Housebuilding has fallen for 11 months in a row as high borrowing costs hit demand for new homes.
Across the construction sector, new work continued to fall more quickly than at any time since the first pandemic lockdown.
The slump was steepest in house building, followed by civil engineering.
S&P Global said its activity index in the UK construction sector – where scores below 50 show contraction – came in at 45.6 in October.
The analytics group’s report noted ‘signs of stabilisation’ in commercial building.
‘Falling work on residential construction projects was widely linked to a lack of demand and subsequent cutbacks to new projects,’ the report said.
On a more positive note, builders saw the cost of doing business fall at the fastest pace for 14 years, with the price of materials such as timber and steel, as well as transportation, on the slide.
In particular, there was a steep fall in housebuilding, according to the S&P Global and CIPS UK construction purchasing managers’ index (PMI), with the sector declining for the eleventh successive month. The Bank of England has raised interest rates from a record low of 0.1 per cent to a 15-year high of 5.25 per cent since December 2021 in a battle to get inflation under control.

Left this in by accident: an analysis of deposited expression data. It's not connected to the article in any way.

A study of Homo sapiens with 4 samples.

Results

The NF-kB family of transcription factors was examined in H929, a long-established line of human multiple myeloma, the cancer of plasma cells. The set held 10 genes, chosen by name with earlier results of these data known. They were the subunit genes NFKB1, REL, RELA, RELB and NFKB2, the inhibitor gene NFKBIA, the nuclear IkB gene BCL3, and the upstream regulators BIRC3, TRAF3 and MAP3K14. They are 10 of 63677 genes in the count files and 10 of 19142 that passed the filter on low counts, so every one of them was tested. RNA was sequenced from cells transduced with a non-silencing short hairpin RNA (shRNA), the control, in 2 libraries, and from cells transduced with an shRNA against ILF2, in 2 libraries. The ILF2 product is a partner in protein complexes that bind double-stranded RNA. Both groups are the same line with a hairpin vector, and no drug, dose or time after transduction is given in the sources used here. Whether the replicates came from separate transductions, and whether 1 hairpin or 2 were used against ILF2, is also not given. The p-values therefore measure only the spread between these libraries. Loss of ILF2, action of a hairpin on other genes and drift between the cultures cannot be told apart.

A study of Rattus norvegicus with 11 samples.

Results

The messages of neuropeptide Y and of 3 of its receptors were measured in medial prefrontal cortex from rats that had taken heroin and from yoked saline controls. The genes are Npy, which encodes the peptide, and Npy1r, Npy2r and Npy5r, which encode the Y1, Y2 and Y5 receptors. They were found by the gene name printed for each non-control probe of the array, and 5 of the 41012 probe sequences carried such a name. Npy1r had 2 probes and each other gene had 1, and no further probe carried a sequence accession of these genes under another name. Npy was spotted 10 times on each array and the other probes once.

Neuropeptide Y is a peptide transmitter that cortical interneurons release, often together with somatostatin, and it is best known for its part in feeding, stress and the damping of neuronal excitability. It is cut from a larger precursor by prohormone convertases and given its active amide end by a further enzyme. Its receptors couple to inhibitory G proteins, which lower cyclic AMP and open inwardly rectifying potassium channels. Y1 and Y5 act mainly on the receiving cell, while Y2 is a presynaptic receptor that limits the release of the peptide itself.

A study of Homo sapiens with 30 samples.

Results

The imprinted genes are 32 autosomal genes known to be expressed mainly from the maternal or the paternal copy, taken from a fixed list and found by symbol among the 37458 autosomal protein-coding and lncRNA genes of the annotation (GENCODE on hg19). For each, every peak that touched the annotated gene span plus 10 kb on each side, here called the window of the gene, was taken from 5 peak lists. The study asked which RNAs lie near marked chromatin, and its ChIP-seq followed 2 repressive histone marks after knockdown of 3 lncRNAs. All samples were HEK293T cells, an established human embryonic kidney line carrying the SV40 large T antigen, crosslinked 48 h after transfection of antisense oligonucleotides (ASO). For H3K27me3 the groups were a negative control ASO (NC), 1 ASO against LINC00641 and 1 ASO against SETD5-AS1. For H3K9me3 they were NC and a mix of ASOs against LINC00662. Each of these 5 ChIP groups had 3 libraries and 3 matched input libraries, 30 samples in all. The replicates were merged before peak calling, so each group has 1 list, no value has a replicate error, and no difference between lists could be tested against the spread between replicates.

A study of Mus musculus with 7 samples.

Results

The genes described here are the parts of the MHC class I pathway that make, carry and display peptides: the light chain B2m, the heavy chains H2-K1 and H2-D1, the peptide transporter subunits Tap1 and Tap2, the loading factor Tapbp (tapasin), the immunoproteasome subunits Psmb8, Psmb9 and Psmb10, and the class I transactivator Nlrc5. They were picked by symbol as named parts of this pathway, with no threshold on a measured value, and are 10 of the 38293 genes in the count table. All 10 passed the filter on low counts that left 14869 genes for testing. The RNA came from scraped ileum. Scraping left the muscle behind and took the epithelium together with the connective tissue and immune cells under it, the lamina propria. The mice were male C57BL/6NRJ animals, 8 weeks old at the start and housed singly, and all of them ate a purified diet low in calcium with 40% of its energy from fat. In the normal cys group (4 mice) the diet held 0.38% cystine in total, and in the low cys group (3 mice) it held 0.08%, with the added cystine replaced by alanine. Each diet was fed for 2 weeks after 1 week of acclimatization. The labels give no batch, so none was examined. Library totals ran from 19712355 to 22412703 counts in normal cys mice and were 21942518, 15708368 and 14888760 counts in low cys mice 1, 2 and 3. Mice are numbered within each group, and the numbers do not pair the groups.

That has pushed up mortgages, and while it is hoped interest rates have peaked, a cut is not expected until well into next year.
Higher borrowing costs have slammed the brakes on the housing market, with builders scaling back construction plans.
“High-interest rates and low consumer demand for new homes continue to drag down the UK construction sector, with a lack of new tender opportunities and a cutback of existing projects being reported across the house building industry,” said Dr John Glen, chief economist at the Chartered Institute of Procurement & Supply (CIPS).